With the COVID-19 pandemic hitting the Valley hard, two student interns stepped up and made a difference at the Priestley-Forsyth Memorial Library this past summer.
Kaitlyn A. Carey and Brendon Strevig, 22, of Northumberland, helped the library over the summer reach kids in ways they never thought they would have had to.
Both Carey and Strevig were nominated by John Deppen, who serves as the president of the board at the library.
"The COVID-19 pandemic forced libraries all over our Valley to make difficult choices this year," he said. "The Priestley-Forsyth Memorial Library closed for several weeks in the spring, but we decided to reopen this summer with numerous COVID-19 mitigation procedures in place, included limited hours for patrons."
That's where Carey and Strevig began to use their creativity, Deppen said.
"Because COVID-19 kept our library from offering its usual array of in-person programs, Kaitlyn and Brendon used their creativity and familiarity with internet technology to offer fun and instructive video presentations on several social media platforms, including Facebook, Youtube, and Twitter," he said. "These videos reached library patrons of all ages and allowed us to continue our programming in unexpected and entertaining ways."
Strevig said the two brainstormed and have produced more than 100 video's reaching countless amounts of children.
"It was a lot of fun," the 22-year Lock Haven University graduate said. "We had a blast, and I think we needed to come up with something quickly, and this just worked out."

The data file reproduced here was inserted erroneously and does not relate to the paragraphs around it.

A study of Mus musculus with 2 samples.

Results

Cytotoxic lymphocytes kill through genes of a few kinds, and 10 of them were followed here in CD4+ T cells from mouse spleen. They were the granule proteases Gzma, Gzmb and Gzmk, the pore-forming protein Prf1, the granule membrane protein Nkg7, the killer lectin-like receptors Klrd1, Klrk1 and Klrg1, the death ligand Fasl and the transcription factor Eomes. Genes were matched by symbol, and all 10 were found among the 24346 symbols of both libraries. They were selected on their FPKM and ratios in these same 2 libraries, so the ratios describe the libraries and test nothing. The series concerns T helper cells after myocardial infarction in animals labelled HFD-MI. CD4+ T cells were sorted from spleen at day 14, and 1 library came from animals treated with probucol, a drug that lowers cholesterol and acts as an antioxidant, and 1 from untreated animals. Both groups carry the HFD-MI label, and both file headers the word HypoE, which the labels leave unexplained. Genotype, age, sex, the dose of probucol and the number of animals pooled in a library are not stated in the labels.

Deppen said it more than "worked out."
"While Brendon's work was done mostly behind the camera, Kaitlyn manifested a star quality in front of it, using her background in theater as well as her abilities as an art education student at Indiana University of Pennsylvania to infuse each video with a unique quality," he said. "It is no exaggeration to say that Brendon and Kaitlyn's efforts kept our library in the public eye at a time when other libraries were not even open to the public."
Carey said it's her fourth year at the library and she graduates from college next year.
"I love doing this and I want to help as much as possible," she said.
This past summer, Carey said the library needed creative ways to keep kids involved.
"At first we started making videos to engage kids while they were stuck at home," she said. "Once we started to come into the library, we started to assemble kits, and we did themes. We did Star Wars and things like that. I dressed up as various fairytale characters and the kids truly enjoyed it."
Deppen said the library learned from Carey and Strevig.
"In particular, our Youth Services Coordinator, Kimberly King, learned new tools and techniques from Brendon and Kaitlyn that she continues to use in presenting online storytimes and other video presentations for children," he said.
For Carey, being recognized was a complete surprise.
"This was a total shock," she said. "There are so many people deserving of this. Take the essential workers who kept us all going during this difficult time. They deserve this."